Credit: All Commercial Photography/U.S. Department of Energy Solar Decathlon
The Solar Decathlon teams displayed development models of their projects during the International Builders' Show in January. The University of Hawaii's Monocoque House, shown here, will feature a strong-yet-lightweight shell made of bio-based, fiber-reinforced polymer and is designed to resist the corrosion, termites, rot, and floods typical of the school's tropical environment.
Ever since Richard King, director of the DOE's Solar Decathlon
, announced during the International Builders' Show in January that the biennial competition will be moved from the National Mall in Washington, D.C., participating students, faculty advisers, and even reporters and members of Congress have been waiting for a new location to be released. King has said he expects a decision to be made before the end of February.
Alternative sites in cities such as Chicago, Los Angeles, or New York have been posited as possibilities, but more recent murmurings have the solar-powered home competition being shifted to National Harbor, a far less prominent and accessible location just outside Washington, D.C.—although it would be preferable to a move that would necessitate redesign of the competition houses.
The National Mall has been the site of the Solar Decathlon since it launched in 2002, and thousands of people visit during the biennial competition. National Park Service plans to recondition the Mall and its turf now preclude the competition from being sited there; however, the National Mall Plan calls for restoration of the turf to begin after the Solar Decathlon would be finished. Any harm to the grounds caused by the competition houses and the crowds would be repaired during the National Mall Plan's implementation, and damage is minimized by the use of permeably paved walkways throughout the site, permeable mats under the houses, and installing the houses without ground penetrations.
With the event just seven months away, the venue change introduces many potential challenges for the participants. The 20 Decathlon teams have been working for nearly two years already and most have finalized the designs of their small solar-powered homes and are ready to begin final construction.
"It's very late in the game, which is what makes it so challenging," says Elisabeth Neigert, a graduate student at SCI-Arc, project manager for the SCI-Arc/Caltech decathlon team, and the spokeswoman for the decathletes' lobbying efforts. "We have sponsorships on the line—and not small sponsorships: $100,000 or more. Sponsorship is related to visibility and all of a sudden we're not going to be visible. So the logistics are very difficult for us. All our engineering and design is based on the site and the lots we've been assigned."
"If they'd let us know a year and a half in advance we could have dealt with it. The fact that this comes now is ridiculous," adds graduate student Dave Lee, communications manager for Appalachian State University's decathlon team. In addition to expressing shock and dismay at the venue change, decathlon team members immediately started a campaign to reinstate the competition on the Mall. Students have written letters, lobbied state representatives, requested meetings with DOI and DOE representatives (which have been denied, according to Neigert), and launched a Facebook page to generate support.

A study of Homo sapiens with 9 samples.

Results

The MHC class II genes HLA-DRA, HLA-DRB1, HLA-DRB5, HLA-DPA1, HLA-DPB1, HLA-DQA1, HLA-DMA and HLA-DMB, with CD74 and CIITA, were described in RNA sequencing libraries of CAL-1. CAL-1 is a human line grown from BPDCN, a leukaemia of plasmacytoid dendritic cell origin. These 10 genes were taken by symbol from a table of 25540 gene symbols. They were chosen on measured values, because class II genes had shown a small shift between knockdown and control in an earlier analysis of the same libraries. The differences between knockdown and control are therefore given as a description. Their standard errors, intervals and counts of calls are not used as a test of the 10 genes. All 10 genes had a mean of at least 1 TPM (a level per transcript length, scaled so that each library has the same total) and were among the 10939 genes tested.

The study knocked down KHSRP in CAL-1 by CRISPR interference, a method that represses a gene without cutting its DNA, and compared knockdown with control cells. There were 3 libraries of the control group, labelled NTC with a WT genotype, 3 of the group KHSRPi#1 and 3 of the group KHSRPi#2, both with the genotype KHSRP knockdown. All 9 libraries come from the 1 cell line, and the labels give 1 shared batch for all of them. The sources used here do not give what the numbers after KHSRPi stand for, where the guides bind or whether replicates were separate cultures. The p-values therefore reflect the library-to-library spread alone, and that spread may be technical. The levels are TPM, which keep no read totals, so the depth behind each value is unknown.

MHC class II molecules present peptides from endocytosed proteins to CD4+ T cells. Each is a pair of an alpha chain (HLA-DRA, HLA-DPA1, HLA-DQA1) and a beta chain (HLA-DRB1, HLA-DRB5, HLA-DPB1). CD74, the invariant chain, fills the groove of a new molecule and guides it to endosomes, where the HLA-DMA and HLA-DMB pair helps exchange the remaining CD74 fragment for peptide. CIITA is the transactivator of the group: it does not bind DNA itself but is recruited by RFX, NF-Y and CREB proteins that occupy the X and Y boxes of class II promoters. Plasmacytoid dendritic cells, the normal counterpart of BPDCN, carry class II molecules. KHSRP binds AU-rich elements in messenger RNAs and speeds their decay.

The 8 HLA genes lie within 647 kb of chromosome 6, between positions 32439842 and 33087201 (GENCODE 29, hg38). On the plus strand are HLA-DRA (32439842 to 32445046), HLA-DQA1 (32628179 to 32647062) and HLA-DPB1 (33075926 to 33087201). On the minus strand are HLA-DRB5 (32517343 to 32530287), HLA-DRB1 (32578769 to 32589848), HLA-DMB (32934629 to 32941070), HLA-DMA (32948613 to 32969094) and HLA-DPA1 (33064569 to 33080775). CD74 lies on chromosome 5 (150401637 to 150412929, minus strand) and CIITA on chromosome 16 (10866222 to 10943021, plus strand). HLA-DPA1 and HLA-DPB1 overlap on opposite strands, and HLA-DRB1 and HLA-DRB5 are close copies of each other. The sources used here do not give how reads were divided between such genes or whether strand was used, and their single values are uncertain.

Senators and House members also have gotten involved by sending letters to Secretary of Energy Steven Chu and Secretary of the Interior Ken Salazar, calling the move from the Mall "short-sighted," despite the need to restore the grounds, and urging them to reverse the decision. On Feb. 2, the office of Sen. Robert Menendez (D-N.J.) sent the DOI and DOE a letter signed by 11 other senators, and a similar letter was sent Feb. 4 from the office of Rep. Edward J. Markey (D-Mass.) that was signed by 10 other House members. Both letters urged DOI and DOE officials to reinstate the Solar Decathlon on the National Mall.
So far there has been no official public response to any of these efforts from either the DOI or the DOE, although students report that the DOE has kept them apprised of deliberations over an alternate competition site. But students are hopeful that an acceptable solution will be found, which would be one that restores the Solar Decathlon to a prominent site that is easily accessible by large numbers of people and doesn't require major redesigns of the houses.
The team from the University of Hawaii has a characteristically sunny outlook on the situation: "As the organizers of the event feel the same passion for the competition's public awareness and educational goals, we are confident that they will find a home for the Solar Decathlon that provides the same quality of visitor traffic," says graduate student Elyse Petersen, communications team officer. Doing so would acknowledge the importance of one of the competition's key goals: educating the public and members of government about the benefits of cost-effective, energy-efficient houses that incorporate renewable energy technologies.
"President Obama's State of the Union address discussed competition with China and being leaders in renewable energy and energy efficiency, and that is what this competition is about,” Lee says. “There's no better way to showcase what the U.S. and all the leaders of tomorrow are doing in this field than to have the Solar Decathlon on the Mall."
To view models of all the 2011 projects, check out the Solar Decathlon Flickr stream here.
Stephani L. Miller is Associate Editor for Custom Home Online.